Kellogg’s is taking the British government to court over new rules that would prevent some of its breakfast cereals from being prominently displayed in grocery stores due to their high sugar content.
Kellogg’s, whose brands include Frosties, Coco Pops and Crunchy Nut, said the formula used by the government to measure the nutritional value of cereals was incorrect and not enforced legally.
“Measure dry cereals when they’re almost always eaten with milk,” said Chris Silcock, Kellogg’s UK managing director.
“All of this is important because unless you take into account the nutritional elements that are added when the cereal is eaten with milk, you are not measuring the full nutritional value of the meal.”
Silcock said the company was going to go to court to change the formula.
Kellogg’s has obtained approval of a request for judicial review and will begin a court hearing today.
The new rules will restrict the placement of high-fat, high-salt or high-sugar (HFSS) foods and beverages in stores and the promotion of those products by retailers starting in October.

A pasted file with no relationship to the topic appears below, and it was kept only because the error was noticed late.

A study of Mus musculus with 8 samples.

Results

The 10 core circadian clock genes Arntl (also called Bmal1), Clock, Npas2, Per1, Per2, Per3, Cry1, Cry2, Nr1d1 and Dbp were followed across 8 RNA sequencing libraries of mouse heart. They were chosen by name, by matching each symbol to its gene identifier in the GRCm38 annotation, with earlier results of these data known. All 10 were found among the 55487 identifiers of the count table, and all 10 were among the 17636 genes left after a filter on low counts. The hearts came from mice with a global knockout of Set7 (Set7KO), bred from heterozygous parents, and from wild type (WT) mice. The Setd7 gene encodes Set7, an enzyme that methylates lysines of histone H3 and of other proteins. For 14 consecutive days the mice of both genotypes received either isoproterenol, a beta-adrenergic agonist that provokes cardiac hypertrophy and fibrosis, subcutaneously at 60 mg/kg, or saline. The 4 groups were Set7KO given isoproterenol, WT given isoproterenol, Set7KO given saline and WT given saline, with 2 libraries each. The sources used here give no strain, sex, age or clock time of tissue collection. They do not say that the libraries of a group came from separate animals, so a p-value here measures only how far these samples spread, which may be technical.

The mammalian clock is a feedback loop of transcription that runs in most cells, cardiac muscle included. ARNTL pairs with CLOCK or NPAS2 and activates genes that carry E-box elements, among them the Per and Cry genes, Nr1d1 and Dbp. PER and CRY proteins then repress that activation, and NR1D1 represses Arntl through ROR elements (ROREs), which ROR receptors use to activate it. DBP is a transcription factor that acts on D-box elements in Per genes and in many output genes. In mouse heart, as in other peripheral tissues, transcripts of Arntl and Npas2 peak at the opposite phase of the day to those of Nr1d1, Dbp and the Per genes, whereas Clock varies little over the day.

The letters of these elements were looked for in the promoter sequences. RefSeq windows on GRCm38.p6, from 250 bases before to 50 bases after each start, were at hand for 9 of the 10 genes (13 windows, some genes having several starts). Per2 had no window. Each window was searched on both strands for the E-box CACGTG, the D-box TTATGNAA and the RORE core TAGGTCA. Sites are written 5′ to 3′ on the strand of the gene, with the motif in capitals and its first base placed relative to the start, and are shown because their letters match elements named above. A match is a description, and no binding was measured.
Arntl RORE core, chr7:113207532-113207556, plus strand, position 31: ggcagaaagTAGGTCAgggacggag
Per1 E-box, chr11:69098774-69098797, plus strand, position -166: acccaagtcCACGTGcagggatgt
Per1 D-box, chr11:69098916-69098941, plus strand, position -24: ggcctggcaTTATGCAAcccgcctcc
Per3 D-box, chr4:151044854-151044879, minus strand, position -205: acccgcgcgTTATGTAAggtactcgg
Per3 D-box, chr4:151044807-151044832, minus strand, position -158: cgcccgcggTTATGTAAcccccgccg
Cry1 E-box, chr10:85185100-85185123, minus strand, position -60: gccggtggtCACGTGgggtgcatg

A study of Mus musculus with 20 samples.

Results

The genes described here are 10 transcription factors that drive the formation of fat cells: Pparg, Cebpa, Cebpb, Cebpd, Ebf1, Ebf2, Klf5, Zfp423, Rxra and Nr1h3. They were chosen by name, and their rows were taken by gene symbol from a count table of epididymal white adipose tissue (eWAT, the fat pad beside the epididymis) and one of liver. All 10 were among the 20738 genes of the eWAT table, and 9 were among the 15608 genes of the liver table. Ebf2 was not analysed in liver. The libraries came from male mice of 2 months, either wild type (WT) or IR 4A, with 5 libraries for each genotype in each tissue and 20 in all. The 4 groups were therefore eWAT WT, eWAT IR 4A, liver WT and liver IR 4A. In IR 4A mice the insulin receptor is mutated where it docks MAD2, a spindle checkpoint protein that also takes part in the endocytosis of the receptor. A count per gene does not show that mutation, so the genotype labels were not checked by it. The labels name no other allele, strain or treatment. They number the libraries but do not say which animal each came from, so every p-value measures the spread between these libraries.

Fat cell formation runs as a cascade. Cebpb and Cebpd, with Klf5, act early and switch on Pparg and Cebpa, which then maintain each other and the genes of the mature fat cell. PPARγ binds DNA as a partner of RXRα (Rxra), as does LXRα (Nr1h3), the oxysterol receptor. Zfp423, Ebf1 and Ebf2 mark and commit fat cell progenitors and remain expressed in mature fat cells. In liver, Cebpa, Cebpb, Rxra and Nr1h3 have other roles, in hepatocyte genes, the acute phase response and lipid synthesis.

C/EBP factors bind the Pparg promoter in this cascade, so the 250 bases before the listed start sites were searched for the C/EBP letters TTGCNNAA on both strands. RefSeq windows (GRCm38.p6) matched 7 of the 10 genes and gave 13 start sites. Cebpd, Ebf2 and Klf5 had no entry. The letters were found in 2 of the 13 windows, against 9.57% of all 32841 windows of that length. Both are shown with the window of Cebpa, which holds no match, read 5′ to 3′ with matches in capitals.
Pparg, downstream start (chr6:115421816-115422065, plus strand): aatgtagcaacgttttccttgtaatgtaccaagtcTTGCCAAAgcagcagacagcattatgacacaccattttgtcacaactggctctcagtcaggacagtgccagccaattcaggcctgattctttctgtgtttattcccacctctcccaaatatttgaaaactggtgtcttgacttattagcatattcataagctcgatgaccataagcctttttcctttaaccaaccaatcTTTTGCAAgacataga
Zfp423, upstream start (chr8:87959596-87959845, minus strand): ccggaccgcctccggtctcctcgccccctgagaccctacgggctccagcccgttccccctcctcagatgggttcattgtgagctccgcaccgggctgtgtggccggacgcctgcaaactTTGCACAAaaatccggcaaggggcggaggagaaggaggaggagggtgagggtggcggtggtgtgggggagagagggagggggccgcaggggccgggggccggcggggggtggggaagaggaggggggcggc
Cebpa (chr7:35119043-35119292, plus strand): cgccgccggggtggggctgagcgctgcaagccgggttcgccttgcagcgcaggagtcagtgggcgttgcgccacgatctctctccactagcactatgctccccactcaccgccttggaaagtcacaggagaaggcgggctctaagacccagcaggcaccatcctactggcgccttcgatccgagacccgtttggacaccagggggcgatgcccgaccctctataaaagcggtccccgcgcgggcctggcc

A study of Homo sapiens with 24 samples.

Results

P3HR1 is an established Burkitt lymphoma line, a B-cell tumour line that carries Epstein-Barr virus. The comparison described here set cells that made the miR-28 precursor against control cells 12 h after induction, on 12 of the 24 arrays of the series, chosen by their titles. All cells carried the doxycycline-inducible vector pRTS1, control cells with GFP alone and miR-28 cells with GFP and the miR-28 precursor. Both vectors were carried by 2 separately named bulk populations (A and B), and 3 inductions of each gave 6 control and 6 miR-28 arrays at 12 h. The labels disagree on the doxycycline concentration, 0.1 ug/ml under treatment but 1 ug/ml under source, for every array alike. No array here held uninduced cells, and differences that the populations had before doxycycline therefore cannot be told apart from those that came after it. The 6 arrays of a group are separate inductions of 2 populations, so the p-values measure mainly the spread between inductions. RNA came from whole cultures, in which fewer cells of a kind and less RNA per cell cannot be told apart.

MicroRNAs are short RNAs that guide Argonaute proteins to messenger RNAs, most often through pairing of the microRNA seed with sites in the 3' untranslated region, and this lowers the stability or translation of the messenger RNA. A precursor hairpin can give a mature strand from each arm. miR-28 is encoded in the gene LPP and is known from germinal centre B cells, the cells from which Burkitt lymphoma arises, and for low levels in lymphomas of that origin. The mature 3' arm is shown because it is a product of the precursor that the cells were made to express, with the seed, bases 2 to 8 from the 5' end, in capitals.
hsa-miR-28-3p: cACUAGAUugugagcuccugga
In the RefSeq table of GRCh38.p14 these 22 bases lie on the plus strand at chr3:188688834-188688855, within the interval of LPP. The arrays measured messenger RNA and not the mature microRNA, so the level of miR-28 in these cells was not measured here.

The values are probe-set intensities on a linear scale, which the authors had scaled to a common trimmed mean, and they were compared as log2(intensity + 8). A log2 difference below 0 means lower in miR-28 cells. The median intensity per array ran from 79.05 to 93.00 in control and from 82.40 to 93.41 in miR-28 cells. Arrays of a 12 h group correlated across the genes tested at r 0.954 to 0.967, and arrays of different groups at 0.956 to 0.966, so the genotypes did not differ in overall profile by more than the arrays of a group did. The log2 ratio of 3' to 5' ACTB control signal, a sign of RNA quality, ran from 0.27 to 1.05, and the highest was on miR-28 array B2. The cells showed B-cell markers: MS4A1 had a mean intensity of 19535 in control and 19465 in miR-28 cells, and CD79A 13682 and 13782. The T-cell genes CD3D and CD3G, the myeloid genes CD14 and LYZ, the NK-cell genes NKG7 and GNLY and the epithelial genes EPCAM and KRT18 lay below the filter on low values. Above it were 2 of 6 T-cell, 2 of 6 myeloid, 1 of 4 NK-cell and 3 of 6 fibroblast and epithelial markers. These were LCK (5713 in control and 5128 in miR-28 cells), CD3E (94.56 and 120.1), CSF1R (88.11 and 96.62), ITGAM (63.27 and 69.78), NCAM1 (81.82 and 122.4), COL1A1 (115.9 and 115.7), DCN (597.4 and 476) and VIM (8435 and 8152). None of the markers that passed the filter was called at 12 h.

Products deemed less healthy may not be displayed in key store locations such as checkouts, entrances, aisle ends, and their online equivalents.
Stores will also have to restrict volume price promotions such as “buy one get one free” or “3 for 2” on so-called HFSS products.
The Department of Health and Social Care (DHSC) said it could not comment on the Kellogg’s case but defended the new rules.
“Obesity costs the NHS more than £6bn (€7.1bn) a year and is the second leading cause of cancer in the UK,” a DHSC spokesman said.
“Breakfast cereals contribute 7% to children’s average daily intake of free sugar.
“Restricting the promotion and advertising of less healthy foods is an important part of the intergovernmental strategy to halve childhood obesity by 2030, prevent harmful diseases and improve healthy life expectancy,” the spokesperson said.